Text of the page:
Hymn of the Day: “Lord, Whose Love in Humble Service” ELW 712
Text: Albert F. Bayly, 1901-1984
Tune: BEACH SPRING, The Sacred Harp, Philadelphia, 1844
Albert F. Bayly wrote this text in response to a Hymn Society of America search for new hymns on social welfare. It was chosen as the theme hymn for the Second National Conference on the Churches and Social Welfare held in Cleveland, Ohio, October 23-27, 1961. The Hymn Society published the text in Seven New Social Welfare Hymns (1961).
The text begins with recognition of Christ's ultimate sacrifice on the cross and then points to the continuing needs of the homeless, the hungry, the prisoners, and the mourners. Bayly's words remind us of modern refugees, AIDS patients, and famine victims who are as close as our doorstep or who are brought to our attention via the news media. The final two stanzas encourage us to move from Sunday worship to weekday service; such integrity in the Christian life is truly a liturgy of sacrifice, pleasing to God.
Albert F. Bayly was born in Bexhill on Sea, Sussex, England. He received his education at London University (BA) and Mansfield College, Oxford. Bayly was a Congregationalist (later United Reformed Church) minister from the late 1920s until his death in 1984. His life and ministry spanned the Depression of the 1930s, the Second World War, and the years of reconstruction which followed. After retiring in 1971, he moved to Springfield, Chelmsford, and was active in the local United Reformed Church. He wrote several pageants on mission themes, and librettos for cantatas by W. L. Lloyd Webber.
Opening Voluntary: “Spirit of God, Descend Upon My Heart” Joe Utterback (1944)
This tune, “Moorecambe,” was written in 1870 by Frederick C. Atkinson. The jazz musician, Joe Utterback has published nearly 400 works for piano, choir and organ. He beautifully captures this serene hymn tune with his jazz-inspired harmonies.
Closing Voluntary: “St. Patrick’s Breastplate” Rebecca Groom te Velde
Saint Patrick's Breastplate, a prayer of protection also known as The Deer's Cry, The Lorica of Saint Patrick or Saint Patrick's Hymn, is a lorica. In the Christian monastic tradition, a lorica is a prayer recited for protection in which the petitioner invokes all the power of God as a safeguard against evil in its many forms. The Latin word lōrīca originally meant "armor" or "breastplate." Both meanings come together in the practice of placing verbal inscriptions on the shields or armorial trappings of knights, who might recite them before going into battle. The original Old Irish lyrics of this hymn were traditionally attributed to Saint Patrick during his Irish ministry in the 5th century. In 1889 it was adapted into the hymn I Bind Unto Myself Today.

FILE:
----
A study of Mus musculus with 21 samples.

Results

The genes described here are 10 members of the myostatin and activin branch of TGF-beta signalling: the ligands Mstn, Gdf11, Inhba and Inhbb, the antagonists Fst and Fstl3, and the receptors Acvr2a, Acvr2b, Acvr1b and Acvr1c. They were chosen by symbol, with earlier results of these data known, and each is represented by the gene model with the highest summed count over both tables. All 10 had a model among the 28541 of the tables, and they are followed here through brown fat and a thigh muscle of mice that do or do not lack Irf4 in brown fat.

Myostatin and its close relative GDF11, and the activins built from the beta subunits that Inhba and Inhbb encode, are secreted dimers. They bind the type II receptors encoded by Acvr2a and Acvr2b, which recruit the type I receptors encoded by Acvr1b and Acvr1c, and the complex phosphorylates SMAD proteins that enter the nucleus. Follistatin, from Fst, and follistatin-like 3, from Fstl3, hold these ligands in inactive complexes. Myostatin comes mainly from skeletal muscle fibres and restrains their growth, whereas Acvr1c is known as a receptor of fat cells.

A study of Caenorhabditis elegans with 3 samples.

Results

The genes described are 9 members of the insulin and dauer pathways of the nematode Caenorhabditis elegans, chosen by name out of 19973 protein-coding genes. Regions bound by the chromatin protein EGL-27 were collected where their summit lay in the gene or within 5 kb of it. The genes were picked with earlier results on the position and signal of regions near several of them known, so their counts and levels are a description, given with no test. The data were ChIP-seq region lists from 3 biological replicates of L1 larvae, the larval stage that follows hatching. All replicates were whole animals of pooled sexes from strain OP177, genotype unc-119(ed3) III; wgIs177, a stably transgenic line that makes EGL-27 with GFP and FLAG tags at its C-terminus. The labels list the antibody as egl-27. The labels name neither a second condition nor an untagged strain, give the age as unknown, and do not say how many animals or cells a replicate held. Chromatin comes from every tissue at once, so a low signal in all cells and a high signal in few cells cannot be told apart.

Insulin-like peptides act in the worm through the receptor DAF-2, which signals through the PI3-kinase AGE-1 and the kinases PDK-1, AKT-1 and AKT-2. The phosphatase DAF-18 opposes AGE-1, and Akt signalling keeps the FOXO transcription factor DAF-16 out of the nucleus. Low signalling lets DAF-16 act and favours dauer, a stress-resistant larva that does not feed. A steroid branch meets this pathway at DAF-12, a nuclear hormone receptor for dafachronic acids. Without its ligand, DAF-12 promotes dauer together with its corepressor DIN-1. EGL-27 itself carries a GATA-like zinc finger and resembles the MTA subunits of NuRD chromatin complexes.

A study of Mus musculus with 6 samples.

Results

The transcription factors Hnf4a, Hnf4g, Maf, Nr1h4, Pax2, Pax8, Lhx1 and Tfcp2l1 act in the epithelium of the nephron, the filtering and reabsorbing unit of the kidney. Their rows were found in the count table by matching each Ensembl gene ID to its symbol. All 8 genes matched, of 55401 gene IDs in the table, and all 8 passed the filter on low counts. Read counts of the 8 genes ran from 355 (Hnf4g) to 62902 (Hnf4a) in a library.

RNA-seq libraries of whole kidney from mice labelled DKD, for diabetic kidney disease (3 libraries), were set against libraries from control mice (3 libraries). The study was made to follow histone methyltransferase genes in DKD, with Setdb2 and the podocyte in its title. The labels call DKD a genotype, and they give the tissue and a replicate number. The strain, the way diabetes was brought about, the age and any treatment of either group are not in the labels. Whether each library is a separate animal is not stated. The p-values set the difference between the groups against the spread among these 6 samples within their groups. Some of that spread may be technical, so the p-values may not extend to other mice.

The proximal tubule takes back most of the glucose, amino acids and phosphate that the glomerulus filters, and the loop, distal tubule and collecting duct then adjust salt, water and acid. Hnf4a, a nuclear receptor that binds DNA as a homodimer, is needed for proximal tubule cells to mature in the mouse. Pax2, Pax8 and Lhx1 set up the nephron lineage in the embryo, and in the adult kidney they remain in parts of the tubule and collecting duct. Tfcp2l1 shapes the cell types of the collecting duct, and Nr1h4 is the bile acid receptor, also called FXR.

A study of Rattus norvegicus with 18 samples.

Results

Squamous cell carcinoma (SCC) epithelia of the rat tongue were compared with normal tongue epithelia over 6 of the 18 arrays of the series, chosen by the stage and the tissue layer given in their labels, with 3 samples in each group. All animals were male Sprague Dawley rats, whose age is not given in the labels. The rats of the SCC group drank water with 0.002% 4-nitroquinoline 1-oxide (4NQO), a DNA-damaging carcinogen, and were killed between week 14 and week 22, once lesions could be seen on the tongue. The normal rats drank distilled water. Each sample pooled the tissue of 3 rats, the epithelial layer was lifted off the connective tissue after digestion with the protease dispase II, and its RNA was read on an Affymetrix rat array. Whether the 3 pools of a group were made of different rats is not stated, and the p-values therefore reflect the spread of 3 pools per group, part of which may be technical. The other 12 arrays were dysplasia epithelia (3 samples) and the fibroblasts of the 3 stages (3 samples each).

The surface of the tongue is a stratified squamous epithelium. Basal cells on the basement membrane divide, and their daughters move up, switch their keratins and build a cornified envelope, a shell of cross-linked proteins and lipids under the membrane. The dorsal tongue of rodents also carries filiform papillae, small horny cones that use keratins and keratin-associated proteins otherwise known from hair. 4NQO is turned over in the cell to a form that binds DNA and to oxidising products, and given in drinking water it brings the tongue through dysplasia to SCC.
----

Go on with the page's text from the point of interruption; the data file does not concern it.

Rebecca Groom Te Velde is a third-generation professional organist, following both parents and her grandfather. In 1991 she assumed her present position as organist of First Presbyterian Church in Stillwater, OK. She is an active performer, composer, clinician, and adjunct instructor of music at Oklahoma State University.
Offertory: “Unto Thee I Lift Up My Soul” Peter Cornelius (1824-1874)
In Britain to this day, Cornelius's best-known work is "The Three Kings", a song for voice and piano in which the soloist sings "Three Kings from Persian lands afar ...", while from the piano is heard the chorale tune of Philipp Nicolai, Wie schön leuchtet der Morgenstern ("How brightly shines the morning star") underneath. During his last few years in Berlin, Cornelius wrote music criticism for several major Berlin journals and entered into friendships with Joseph von Eichendorff, Paul Heyse and Hans von Bülow. Despite his long-standing association with Wagner and Franz Liszt (the latter on occasion sought Cornelius's advice when it came to matters of orchestration), Cornelius's relations with the so-called "New German School" of composition were sometimes rocky.
Unto Thee I lift up my soul, let no enemy rise over me.
Thou wilt lead me in Thy truth, Thou the God of my salvation.
Thou rememberest not my sins, nor rememberest my transgressions,
Lord, in mercy think on me, for I trust in Thee.
Unto Thee I lift up my soul, all Thy judgments are before me;
Let The mercy come to me, let Thy kindness be my comfort.
For the entrance of Thy words giveth light and understanding.
Plead my causes, deliver me, for I trust in Thee.
Unto Thee I lift up my soul, make Thy face to shine upon me.
Let the beauty of the Lord, let Thy beauty be upon me.
Let Thy work appear to me, and Thy glory to my children.
Stablish Thou my handiwork, for I trust in Thee.